Mugabe reneged on handing over power – Dabengwa

President Robert Mugabe, who has led his Zanu(pf) party for about four decades, promised to hand over party power in the early 1990s but later made a U-turn under unclear circumstances, one of his former lieutenants has said.

Dumiso Dabengwa
Dumiso Dabengwa

In an exclusive interview, Dumiso Dabengwa, a former Zanu (PF) Politburo member, told The Zimbabwean that influential members of the party whom he interacted with regularly had resigned themselves to the reality of Mugabe dying in office.

‘‘The truth is that people within Zanu (PF) have accepted the reality that they cannot do anything about succession in the party. The issue has become sacrosanct and no-one will come out and challenge him from within. Succession will never be debated openly.

‘‘Of course, different people hold different opinions about Mugabe’s continued stay in power, but what I have gathered is that the majority no longer want him there because they feel he has overstayed. The problem, though, is that they are too afraid to openly tell him,” Dabengwa said.

Dabengwa pulled out of Zanu (PF) to revive Zapu, a major liberation war movement that helped bring independence to Zimbabwe, in 2008 because of frustrations regarding Mugabe’s refusal to step down from his position in the party.

At that time, influential members of the party were reportedly gunning for leadership renewal as a strategy to effectively compete against Morgan Tsvangirai’s MDC.

‘‘There was a time… in the early 1990s, when Mugabe promised that he would talk about succession and hand over power saying it was up to the people in Zanu PFto steer the leadership renewal process. We then asked how it was supposed to be done but we faced resistance (from Mugabe),’’ Dabengwa, a former Home Affairs Minister, said.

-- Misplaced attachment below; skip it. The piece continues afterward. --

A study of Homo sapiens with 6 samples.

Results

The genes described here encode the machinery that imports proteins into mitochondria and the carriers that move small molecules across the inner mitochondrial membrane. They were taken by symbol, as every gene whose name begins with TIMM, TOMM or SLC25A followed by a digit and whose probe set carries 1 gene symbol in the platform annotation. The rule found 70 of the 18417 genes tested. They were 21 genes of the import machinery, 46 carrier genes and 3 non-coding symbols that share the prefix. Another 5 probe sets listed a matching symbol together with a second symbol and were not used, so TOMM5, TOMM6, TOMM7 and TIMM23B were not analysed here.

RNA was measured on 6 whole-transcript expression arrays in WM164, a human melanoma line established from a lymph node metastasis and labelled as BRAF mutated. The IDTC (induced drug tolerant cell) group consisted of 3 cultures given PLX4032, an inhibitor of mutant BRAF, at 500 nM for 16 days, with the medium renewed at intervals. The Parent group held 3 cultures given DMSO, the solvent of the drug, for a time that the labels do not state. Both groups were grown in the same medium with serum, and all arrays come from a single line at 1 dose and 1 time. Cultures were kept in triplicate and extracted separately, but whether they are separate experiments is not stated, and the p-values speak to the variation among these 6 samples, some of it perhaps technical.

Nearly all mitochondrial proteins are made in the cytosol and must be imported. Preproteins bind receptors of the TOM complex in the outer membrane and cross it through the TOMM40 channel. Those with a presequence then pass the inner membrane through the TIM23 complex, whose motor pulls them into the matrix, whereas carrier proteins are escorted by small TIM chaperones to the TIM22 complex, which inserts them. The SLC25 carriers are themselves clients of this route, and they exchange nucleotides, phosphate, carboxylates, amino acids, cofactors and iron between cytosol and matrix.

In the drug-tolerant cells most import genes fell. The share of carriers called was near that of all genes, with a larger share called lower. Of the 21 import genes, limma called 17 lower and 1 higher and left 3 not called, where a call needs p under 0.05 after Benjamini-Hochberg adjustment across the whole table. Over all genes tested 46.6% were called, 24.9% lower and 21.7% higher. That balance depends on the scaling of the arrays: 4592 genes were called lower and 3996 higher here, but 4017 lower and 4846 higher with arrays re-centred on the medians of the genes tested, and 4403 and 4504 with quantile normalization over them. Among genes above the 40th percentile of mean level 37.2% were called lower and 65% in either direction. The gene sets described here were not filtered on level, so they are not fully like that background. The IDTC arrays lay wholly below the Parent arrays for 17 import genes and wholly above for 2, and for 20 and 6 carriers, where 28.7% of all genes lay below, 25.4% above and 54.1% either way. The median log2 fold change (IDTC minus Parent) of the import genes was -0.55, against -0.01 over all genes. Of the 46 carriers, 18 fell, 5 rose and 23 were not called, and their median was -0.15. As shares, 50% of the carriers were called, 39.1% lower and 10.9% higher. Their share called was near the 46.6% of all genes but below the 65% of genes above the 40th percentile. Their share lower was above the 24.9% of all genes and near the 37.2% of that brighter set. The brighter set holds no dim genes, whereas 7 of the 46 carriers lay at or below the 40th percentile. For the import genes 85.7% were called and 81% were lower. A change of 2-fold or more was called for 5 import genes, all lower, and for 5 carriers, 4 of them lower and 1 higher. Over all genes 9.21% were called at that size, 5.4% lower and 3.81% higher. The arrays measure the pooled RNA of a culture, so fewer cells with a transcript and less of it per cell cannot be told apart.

Zanu (PF) has unanimously agreed that Mugabe will be its candidate in the next election which they have vowed should be held this year, with or without a new constitution that is currently being drafted.

Dabengwa said even though he now has his own party, he was pained to see Zanu (PF) continue to deteriorate and warned that if the succession issue was not urgently addressed, it would cause chaos in the party.

“One should be able to accept that he (Mugabe) is mortal and one day will be gone, so there is need to plan for that. These are the issues that l discuss with some of my colleagues in Zanu (PF),’’ said Dabengwa, who accused Zanu (PF) of failing to adapt to change.

“Zanu (PF) has been working like a liberation movement and we thought there was need to change that to suit the younger generation and accommodate them in the party. (At the time I left) the party was stagnant and we did not want that; we wanted it to move with the times and feared that there would be chaos in the party if we waited for certain things to happen,” added the former intelligence chief of old Zapu’s military wing, Zipra.

Zanu (PF) has blocked the debate on Mugabe’s succession, a situation that has led to sharp rifts as rival camps jostle clandestinely to take over from him.

Turning to the inclusive government, Dabengwa urged the GNU to implement the Global Political Agreement in order to prepare for free and fair elections.

He took a swipe at hardliners in Zanu (PF) and singled out Patrick Chinamasa whom he described as an opportunist.

He castigated the Minister of Justice and Legal Affairs for recently predicting that there would be war in Zimbabwe at the next elections.